Author Tags: Fiction
Coquitlam-based Moon Willow Press has released a novel, Back to the Garden ($15.95), by Clara Hume (a pen name), that is part of new genre dubbed Cli-Fi by Wired magazine. Climate fiction is described as "dystopian fiction set in the near future, in which climate change wreaks havoc on an otherwise familiar planet, cli-fi has attracted literary authors like Ian McEwan and Barbara Kingsolver.” In the near future, on a warmer, ecologically degraded Earth, post-apocalypse survivors leave their mountain refuge in Idaho to traverse much of the U.S. in order to find family in Georgia and South Carolina. Back to the Garden is told as a series of first person narratives by different characters. 978-0-9877813-1-4
According to a promotional internet posting in 2012:
"Clara Hume’s novel Back to Garden is newly published by Moon Willow Press. The book takes place near the end of the century and follows a dozen people living in a time when climate change and ecological devastation have resulted in not only a lack of natural resources necessary to live (fresh water, arable soil, healthy forests and oceans) but also when, due to economic collapse, a lot of items we take for granted have come to a halt, including disease control, global communication, and defense. It’s every man for himself.
"Beginning with a small group of survivors on an Idaho Mountain, appropriately termed Wild Mountain, descendants of a few ancient and honored homesteaders are struggling to keep their mountain healthy for living. From sunup to sundown they must care for crops, fish, horses, water, chicken, sheep, and nearby wild species. It is no accident that the group manages to grow apple trees and a garden, a hats-off to Daniel Quinn’s references to the biblical Garden of Eden in Ishmael.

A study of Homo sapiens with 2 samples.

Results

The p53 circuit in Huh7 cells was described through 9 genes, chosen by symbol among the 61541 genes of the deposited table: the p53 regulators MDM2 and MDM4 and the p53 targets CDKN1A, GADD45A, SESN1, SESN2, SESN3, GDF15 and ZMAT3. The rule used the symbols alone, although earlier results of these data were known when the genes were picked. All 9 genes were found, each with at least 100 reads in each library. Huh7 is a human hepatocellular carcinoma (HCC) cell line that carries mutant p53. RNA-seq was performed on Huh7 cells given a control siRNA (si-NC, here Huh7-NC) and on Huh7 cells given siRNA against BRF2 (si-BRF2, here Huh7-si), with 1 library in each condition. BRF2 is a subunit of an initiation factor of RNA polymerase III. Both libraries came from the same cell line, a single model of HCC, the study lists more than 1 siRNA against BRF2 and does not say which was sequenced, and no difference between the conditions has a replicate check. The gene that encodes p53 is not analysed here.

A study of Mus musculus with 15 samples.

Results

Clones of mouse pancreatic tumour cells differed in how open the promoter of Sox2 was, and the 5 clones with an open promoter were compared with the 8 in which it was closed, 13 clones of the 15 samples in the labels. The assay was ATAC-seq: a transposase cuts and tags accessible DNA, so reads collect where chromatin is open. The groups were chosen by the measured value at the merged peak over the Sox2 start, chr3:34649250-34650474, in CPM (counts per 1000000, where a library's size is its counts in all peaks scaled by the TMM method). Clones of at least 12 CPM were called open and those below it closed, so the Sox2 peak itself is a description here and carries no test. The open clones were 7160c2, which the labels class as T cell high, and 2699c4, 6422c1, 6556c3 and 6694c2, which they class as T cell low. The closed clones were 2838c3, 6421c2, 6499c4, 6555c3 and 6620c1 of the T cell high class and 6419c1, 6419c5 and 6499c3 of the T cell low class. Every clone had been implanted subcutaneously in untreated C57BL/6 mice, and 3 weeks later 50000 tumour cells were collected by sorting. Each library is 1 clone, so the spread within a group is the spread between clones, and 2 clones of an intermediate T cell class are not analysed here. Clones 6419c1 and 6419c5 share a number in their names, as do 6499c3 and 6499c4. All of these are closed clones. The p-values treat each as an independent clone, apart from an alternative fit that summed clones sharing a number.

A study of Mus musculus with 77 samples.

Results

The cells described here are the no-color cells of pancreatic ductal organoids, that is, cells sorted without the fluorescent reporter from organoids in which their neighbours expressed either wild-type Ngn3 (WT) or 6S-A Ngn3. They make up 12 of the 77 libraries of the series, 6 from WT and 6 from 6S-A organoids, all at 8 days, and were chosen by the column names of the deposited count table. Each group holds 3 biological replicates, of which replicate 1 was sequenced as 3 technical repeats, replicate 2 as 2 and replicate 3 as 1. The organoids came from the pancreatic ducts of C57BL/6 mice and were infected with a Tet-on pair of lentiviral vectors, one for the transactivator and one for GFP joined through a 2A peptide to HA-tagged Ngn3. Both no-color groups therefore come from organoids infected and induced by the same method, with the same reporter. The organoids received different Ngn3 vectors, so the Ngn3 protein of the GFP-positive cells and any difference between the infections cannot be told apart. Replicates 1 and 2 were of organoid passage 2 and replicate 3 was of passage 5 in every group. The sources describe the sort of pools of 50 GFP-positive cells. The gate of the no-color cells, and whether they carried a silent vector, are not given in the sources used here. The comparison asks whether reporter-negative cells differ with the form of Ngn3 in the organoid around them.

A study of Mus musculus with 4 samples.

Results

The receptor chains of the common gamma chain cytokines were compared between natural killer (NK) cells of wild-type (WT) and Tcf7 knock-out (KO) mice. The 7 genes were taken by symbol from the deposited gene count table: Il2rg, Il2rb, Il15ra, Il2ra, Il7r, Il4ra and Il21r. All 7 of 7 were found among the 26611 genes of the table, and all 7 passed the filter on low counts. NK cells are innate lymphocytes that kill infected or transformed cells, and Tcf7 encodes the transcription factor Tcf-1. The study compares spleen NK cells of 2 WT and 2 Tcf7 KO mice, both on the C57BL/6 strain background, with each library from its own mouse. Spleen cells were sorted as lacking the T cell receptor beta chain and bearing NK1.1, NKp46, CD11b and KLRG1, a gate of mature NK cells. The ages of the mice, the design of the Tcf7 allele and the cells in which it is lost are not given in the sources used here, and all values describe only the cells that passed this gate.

"The group leaves their homestead to find lost family members, while other ranchers on the mountain care for their homes temporarily. During the harsh journey across the country, the group picks up strangers who are lonely and struggling. The characters’ flashbacks to personal demons, along with personal growth, is sometimes sad and sometimes humorous but is always enlightening and redemptive.
"The book, while introspective, gives a frightening view of where we’re headed unless everyone starts taking climate change seriously. The book doesn’t focus on climate change, and hardly mentions it, but does look at how people in the future are innately connected to their natural environment and thus are inspired to preserve it. The story-line is compelling, and the characters are unique in the way they react to their environments and others in the surrogate family. There are also a few nods to literary ecologists such as Henry David Thoreau, Robinson Jeffers, Bill Hotchkiss, Jack Kerouac, and and Michael McClure."